Fallen Feathers of an Angel Cushions
When I delivered my Lost Feathers of an Angel quilt to Guy he was ecstatic! I was ecstatic! The quilty Gods were ecstatic! It was one giant moment of ecstasy and it was like Madonna called and she wanted her songs back. Then a day later Guy says to me, “I’ll need to get some cushions to go with my quilt.”
Dead. I know you quilty peeps will feel me when I lament: do not tell a quilter that you’re about to go out and buy store bought cushions. The first thing we do is start brainstorming on the perfect cushion, then we’re pulling fabrics left and right, doing some online fabric shopping, popping into Pinterest, sharpening our blades, and making sure the gas is fired up on the ol’ sewing machine. Can I get an amen?! A to the MEN!
If you’ve made an Anna-Maria Horner feather, you know the amount of random scrapola that is left behind. We’re not even talking small squares, we’re talkin’ straight up bits, bobs, strings, and pieces that are too big to throw out, and too small to actually do anything with them. Plus, with all of it being from Shimmer by Jennifer Sampou, how could I throw any of it away? Well, I couldn’t.
I started sewing all of these scraps together to form a larger, more workable, piece of fabric. I would have been worried about all those seams except my Juki ate them like cake. (Mmm… cake). Once I had a rectangular-ish piece sewn up (and miraculously used all of my scraps), I looked down and thought, “Well I ain’t gettin’ two cushions with it like this.” So I grabbed my rotary cutter and bravely cut it on the diagonal.
At this point I still hadn’t really figured out what I was doing. I was just sewing, hoping that inspiration would strike. Fortunately, right about this time it did! This collage of Shimmer scraps reminded me of a big pile of feathers, maybe even those that had fallen off the angel. I knew then I had to grab the spine and lay it out as if it had been shaking those feathers down from above. All of a sudden it just made sense as the perfect companion piece to the original quilt.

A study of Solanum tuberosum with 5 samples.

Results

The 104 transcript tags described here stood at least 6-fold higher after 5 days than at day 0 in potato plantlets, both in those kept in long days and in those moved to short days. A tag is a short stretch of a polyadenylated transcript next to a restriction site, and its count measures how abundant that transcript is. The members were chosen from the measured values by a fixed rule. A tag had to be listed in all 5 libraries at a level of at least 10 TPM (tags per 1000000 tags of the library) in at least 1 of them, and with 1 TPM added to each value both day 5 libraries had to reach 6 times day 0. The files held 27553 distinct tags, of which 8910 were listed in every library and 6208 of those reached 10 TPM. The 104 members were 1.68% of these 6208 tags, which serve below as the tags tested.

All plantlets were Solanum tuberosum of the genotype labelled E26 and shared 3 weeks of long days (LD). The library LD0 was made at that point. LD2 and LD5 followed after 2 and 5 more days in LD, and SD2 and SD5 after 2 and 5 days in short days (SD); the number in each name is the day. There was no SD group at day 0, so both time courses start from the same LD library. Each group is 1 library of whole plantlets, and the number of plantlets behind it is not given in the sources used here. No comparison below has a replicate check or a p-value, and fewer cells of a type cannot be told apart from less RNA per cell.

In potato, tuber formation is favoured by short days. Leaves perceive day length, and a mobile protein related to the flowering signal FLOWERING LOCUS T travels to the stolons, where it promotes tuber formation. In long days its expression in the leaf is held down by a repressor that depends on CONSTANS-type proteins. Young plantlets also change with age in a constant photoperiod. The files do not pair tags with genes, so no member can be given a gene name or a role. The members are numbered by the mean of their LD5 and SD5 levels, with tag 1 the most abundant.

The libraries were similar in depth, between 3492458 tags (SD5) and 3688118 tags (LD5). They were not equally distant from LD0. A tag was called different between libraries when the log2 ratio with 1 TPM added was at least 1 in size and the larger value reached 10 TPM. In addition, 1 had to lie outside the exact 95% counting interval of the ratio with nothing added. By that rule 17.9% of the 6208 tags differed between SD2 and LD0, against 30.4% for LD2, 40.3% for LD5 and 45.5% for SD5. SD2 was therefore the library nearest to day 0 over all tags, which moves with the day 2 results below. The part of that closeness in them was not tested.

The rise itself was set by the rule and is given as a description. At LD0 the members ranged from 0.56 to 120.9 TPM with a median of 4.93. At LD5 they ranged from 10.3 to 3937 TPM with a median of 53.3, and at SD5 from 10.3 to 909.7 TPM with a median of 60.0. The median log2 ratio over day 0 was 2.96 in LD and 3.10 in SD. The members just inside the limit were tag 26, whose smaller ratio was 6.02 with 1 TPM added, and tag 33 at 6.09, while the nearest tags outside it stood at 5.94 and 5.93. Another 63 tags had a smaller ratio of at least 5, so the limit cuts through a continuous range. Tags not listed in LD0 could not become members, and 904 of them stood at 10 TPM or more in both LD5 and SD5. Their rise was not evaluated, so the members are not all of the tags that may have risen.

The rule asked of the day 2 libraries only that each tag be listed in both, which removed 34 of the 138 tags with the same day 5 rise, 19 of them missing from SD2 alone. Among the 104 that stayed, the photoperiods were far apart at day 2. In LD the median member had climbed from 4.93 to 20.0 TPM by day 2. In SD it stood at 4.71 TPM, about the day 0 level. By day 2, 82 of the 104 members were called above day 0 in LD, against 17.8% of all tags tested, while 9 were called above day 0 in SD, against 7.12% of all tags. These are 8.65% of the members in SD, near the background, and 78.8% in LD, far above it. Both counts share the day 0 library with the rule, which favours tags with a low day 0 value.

When it came time to quilting, there was no question that I wanted to employ matchstick quilting to give these cushions a rigid structure and amazing texture. Aurifil thread on top of Art Gallery Elements: capital D-evine. I used about eight different thread colours, with lines about an eighth of an inch apart. I was nervous at first because my singular thread colours didn’t seem so subtle against the creamy white background. However, after line after line, and trusting my instincts, they all blended into a cacophony of downy, feathery-coloured goodness! Little pops of blue, gold, and silver–what’s not to love?!
Once they were both quilted, I inserted a side-exposed zipper for a more modern, industrial look. This is my favourite zipper method for its easy installation, and the opportunity to bring a pop of colour as a segue to the back side. And who doesn’t need a segue to their backside? Oh, I think I just heard a few more amens! Mmmhmm! I delivered these cushions to Guy this week, and well, I think it is safe to say, he was ecstatic. I do hope your quilting week has been as good as mine!